Iran’s supreme leader has accused the country’s enemies of spreading “propaganda” over the coronavirus threat in an attempt to dissuade people from voting in parliamentary elections.
Iranian officials usually release turnout figures a day after elections, but totals from Friday’s polling have not been published.
A range of crises has beset Iran in the past year, including widespread anti-government protests in November and US sanctions piling pressure on the plunging economy.
In remarks from his office in Tehran, Ayatollah Ali Khamenei blamed the “negative propaganda” of Iran’s enemies for trying to discourage people from voting.
“Their media did not ignore the tiniest opportunity for discouraging people and resorting to the pretext of diseases and the virus,” he said.
Iran reported its first case of the virus two days before the national polls, and eight deaths from the illness since then – the highest death toll from the virus outside of China.
Iran has confirmed 43 cases in total in at least four different cities, including the capital, Tehran, where some pharmacies have already run out of masks and hand sanitiser.
Schools were shut down in Tehran and four other cities for two days to prevent the spread of the virus. Authorities have also suspended football matches and stopped shows in cinemas and other venues.
Officials across Iran encouraged people to vote in the days leading up to the election, even as concerns over the virus’ spread began to rise.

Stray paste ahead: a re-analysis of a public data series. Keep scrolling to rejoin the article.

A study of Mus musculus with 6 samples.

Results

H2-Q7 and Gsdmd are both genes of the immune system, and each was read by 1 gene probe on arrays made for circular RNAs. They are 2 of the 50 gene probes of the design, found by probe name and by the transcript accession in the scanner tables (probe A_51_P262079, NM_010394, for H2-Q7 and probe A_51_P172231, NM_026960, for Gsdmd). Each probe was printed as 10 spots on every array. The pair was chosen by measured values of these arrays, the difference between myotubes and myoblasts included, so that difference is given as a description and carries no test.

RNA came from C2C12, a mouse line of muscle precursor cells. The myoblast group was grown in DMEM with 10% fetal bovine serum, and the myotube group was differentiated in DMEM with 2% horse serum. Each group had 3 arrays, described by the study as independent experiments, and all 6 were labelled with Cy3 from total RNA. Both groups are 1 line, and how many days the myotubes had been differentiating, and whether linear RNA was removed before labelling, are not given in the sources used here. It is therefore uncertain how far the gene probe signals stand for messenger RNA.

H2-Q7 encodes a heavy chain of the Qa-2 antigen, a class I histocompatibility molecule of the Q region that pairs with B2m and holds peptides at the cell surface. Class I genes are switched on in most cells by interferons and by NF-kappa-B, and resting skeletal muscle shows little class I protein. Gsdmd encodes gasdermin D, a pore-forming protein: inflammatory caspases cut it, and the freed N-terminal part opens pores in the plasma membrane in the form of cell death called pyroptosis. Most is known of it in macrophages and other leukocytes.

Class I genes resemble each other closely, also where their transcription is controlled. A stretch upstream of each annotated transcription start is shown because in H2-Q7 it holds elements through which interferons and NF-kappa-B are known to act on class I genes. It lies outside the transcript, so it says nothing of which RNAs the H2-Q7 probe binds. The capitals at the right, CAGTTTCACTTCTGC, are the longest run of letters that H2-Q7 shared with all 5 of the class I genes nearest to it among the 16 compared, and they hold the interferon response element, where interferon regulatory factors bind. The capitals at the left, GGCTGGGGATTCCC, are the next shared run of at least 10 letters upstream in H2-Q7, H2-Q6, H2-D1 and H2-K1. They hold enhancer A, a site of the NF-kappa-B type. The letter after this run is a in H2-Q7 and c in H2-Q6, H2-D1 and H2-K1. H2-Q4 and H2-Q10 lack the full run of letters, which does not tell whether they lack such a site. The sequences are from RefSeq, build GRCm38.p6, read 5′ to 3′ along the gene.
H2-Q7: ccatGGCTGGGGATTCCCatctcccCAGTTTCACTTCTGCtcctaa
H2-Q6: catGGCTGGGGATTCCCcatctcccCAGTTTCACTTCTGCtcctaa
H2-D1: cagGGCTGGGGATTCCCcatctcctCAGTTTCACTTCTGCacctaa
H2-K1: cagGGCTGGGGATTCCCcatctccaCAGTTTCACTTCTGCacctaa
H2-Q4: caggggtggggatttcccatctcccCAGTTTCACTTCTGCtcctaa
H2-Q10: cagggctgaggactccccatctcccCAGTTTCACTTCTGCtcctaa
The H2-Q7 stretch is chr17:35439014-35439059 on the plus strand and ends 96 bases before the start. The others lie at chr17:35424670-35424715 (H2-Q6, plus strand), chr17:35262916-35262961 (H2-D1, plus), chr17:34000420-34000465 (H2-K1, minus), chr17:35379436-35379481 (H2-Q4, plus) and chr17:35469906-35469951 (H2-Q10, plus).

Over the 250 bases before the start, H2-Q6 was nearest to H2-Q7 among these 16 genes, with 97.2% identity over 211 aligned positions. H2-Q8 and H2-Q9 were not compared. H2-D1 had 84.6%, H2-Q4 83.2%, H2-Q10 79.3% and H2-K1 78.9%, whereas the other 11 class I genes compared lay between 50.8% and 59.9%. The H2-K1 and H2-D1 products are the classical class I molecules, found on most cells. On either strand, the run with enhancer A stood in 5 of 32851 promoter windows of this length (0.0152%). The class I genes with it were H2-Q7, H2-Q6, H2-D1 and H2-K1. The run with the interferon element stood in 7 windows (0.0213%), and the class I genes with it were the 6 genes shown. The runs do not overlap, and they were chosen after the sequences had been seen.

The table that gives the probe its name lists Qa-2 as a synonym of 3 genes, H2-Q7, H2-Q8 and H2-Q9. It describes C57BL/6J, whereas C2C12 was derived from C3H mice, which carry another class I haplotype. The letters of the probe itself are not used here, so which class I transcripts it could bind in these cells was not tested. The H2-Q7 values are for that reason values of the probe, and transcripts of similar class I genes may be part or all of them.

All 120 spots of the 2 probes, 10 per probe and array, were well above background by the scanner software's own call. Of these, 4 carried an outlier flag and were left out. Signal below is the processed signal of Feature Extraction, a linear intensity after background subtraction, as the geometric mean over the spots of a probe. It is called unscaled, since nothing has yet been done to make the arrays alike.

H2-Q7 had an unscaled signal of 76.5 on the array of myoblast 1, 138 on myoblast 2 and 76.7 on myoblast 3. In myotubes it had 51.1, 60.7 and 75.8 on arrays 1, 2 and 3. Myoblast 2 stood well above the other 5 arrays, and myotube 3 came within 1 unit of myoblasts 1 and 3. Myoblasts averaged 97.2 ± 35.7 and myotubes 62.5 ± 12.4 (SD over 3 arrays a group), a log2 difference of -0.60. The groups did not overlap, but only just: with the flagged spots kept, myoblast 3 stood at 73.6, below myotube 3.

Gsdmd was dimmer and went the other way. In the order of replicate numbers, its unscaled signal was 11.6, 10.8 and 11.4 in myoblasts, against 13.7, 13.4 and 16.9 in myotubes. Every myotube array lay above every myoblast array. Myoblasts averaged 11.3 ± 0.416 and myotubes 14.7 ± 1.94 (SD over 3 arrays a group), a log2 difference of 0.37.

Voters had limited options on Friday’s ballot, as more than 7,000 potential candidates had been disqualified, most of them reformists and moderates. Among those disqualified were 90 sitting members of Iran’s 290-seat Parliament who had wanted to run for re-election.
Iranian state TV on Saturday announced some partial results, indicating a strong showing by hard-liners in the capital.
On the eve of the vote, the Trump administration sanctioned five election officials and secretary of state Mike Pompeo slammed the election as a “sham”.
Meanwhile, authorities in Iran said they would begin disinfecting Tehran’s metro, which is used by some 3 million people, to stymie the spread of the virus. The government has also closed down schools and religious seminaries in the holy city of Qom, where the virus first killed two elderly patients last week.
Iraq and Pakistan, which share borders with Iran, have taken preventive measures to limit the spread of the virus from Iranian travellers. Infected travellers from Iran already have been discovered in Lebanon and Canada.
Saudi Arabia has ordered anyone travelling from Iran to wait at least 14 days before entering the kingdom as it seeks to prevent the spread of the virus to the Muslim pilgrimage sites of Mecca and Medina.
Also on Sunday, Iranian foreign minister Mohammad Javad Zarif joked about shaking hands with his visiting Austrian counterpart Alexander Schallenberg and told reporters: “We have to shake hands with them, don’t worry I don’t have coronavirus.”
Last week, Mr Schallenberg said that he would travel to Tehran amid efforts by European countries to keep alive Iran’s nuclear agreement with world powers. Regional tensions have steadily risen since the US withdrew from the landmark deal.